A few months ago, I wrote a blog that warned of the dangers that may arise if investors and business partners are not selected carefully. What starts out as a great personal friendship, if handled incorrectly, can spiral into a terrible business partnership. Such was the case for fashion designer Daniella Helayel and her label Issa. Well, it seems as though history is destined to repeat itself, although not in the exact same way.
According to a report from Business Insider, the founders behind a budding new clothing company have gotten into a dispute which has caused one founder to be completely erased from the company altogether. Erin Morrison Flynn and Katrina Lake co-founded Stitch Fix (then named Rack Habit) together. Initially, Flynn had been working for the company full-time without salary, while Lake was still in school. According to the company’s website blog, Flynn was responsible for the vast majority of the company’s “creative decisions that shape not only Rack Habit as a company, but also what’s inside the Rack Habit packages.” Flynn even owned a substantial portion of the company.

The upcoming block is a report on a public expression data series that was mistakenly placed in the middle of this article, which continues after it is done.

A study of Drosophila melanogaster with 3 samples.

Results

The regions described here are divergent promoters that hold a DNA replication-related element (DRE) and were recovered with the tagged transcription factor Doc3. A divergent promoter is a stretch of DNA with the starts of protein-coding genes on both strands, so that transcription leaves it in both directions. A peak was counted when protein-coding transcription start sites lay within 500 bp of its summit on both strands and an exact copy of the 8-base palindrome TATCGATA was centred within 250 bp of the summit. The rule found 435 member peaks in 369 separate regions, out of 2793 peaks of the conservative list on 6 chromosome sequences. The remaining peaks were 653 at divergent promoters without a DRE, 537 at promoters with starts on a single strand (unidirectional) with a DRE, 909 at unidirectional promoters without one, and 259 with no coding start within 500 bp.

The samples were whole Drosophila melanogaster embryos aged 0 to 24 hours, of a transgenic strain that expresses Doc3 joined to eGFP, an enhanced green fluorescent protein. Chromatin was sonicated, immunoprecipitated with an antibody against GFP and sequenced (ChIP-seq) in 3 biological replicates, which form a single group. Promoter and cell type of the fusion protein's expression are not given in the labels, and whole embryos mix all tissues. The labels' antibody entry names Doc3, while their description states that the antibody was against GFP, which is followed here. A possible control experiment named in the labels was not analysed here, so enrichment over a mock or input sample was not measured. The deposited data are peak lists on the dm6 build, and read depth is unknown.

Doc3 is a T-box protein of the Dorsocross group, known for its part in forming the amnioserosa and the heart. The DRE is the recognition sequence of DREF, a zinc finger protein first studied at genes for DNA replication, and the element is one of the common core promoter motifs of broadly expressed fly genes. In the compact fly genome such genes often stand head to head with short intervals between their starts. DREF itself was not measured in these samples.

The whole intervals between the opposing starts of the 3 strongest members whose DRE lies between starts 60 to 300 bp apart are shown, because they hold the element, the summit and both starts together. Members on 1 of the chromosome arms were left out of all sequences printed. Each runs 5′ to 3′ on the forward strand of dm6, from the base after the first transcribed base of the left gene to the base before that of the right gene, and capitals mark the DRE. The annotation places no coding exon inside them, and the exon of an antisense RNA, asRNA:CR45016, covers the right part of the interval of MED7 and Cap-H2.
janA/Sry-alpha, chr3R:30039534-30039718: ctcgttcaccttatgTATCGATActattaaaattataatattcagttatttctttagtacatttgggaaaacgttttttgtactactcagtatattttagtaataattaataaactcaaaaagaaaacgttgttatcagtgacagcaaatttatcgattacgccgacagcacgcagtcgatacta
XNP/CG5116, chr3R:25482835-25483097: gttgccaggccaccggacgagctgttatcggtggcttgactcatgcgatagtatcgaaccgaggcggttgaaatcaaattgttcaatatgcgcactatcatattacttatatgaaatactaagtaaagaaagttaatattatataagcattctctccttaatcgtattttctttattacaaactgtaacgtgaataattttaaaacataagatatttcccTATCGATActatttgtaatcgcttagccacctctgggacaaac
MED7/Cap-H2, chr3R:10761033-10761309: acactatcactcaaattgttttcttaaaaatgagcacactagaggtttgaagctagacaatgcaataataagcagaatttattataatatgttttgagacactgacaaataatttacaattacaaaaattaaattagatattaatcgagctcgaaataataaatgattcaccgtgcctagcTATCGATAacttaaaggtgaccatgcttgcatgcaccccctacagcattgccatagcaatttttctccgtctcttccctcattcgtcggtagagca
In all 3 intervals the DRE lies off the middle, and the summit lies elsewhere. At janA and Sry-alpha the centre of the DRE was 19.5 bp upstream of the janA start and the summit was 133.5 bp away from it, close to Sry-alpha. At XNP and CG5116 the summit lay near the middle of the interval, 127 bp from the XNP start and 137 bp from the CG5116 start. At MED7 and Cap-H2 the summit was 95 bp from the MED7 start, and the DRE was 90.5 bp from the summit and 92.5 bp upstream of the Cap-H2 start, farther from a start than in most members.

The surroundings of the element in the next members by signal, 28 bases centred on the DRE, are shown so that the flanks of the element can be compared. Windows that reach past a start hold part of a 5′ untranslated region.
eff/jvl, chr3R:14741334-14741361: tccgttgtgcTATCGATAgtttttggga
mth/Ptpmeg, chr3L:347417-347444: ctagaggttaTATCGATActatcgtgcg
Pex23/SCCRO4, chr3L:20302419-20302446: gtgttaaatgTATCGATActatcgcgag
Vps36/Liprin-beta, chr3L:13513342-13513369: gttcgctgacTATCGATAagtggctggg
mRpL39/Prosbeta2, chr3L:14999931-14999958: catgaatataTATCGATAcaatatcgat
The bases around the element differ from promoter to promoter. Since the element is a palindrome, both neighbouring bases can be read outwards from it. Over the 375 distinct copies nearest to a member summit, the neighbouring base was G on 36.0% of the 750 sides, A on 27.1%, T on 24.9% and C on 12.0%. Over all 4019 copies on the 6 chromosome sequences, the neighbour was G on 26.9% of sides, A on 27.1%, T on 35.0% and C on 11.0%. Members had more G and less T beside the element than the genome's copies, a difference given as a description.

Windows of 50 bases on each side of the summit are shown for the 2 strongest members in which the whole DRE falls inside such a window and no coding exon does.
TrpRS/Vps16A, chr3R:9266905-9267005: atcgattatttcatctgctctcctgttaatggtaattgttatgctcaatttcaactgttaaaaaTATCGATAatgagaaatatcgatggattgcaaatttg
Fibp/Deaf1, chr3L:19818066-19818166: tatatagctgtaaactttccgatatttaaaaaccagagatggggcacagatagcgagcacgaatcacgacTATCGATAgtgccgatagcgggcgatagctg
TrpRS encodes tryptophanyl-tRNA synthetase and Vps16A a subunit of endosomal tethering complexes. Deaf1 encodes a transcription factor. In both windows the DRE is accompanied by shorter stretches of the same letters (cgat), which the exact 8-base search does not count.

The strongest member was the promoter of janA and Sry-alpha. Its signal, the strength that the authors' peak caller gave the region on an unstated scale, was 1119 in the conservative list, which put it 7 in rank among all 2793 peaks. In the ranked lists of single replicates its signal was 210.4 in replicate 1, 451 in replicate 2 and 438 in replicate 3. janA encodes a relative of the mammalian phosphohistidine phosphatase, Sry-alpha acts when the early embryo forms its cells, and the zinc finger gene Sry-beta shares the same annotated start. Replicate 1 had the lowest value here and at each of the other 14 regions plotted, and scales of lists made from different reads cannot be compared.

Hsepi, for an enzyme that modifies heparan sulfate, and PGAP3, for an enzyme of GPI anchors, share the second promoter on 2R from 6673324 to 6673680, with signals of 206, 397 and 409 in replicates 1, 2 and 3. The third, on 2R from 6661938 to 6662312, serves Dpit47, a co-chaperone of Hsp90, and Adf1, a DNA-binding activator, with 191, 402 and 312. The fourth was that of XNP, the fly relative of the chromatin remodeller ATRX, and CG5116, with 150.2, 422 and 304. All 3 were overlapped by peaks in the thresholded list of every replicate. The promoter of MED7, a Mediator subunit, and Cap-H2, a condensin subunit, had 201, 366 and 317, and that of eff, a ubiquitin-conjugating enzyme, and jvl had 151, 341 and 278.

So what caused the relationship to go sour?
Well, to be honest, no in the general public one really knows. What is known is that Flynn accused Lake of trying to dilute her shares in the company in 2012; this was due to Flynn’s lawyers speaking with Lake about changes at Stitch Fix. After two years of legal battles, the case was settled out of court for an undisclosed sum of money. Since then, all mention of Flynn’s name has been removed from most of the company’s records (including the company’s “About Us” page) and Lake is now the company’s sole founder and CEO.
To make matters worse, Stitch Fix’s recent initial public offering saw it valued at $1.63 billion. With Lake’s 15% stake in the company, her shares are worth roughly $250 million.
While we are uncertain of how much Flynn settled for, it was very likely for far less. The time and effort that Flynn had put into the company that she helped found was, in essence, stripped away from her. Situations such as these happen far too often in business (remember Facebook?). As I do not know what transpired between the partners I can certainly not make any declarations of which party is in the right. My only purpose in highlighting the story is to reiterate the earlier point that business partners must be chosen with care.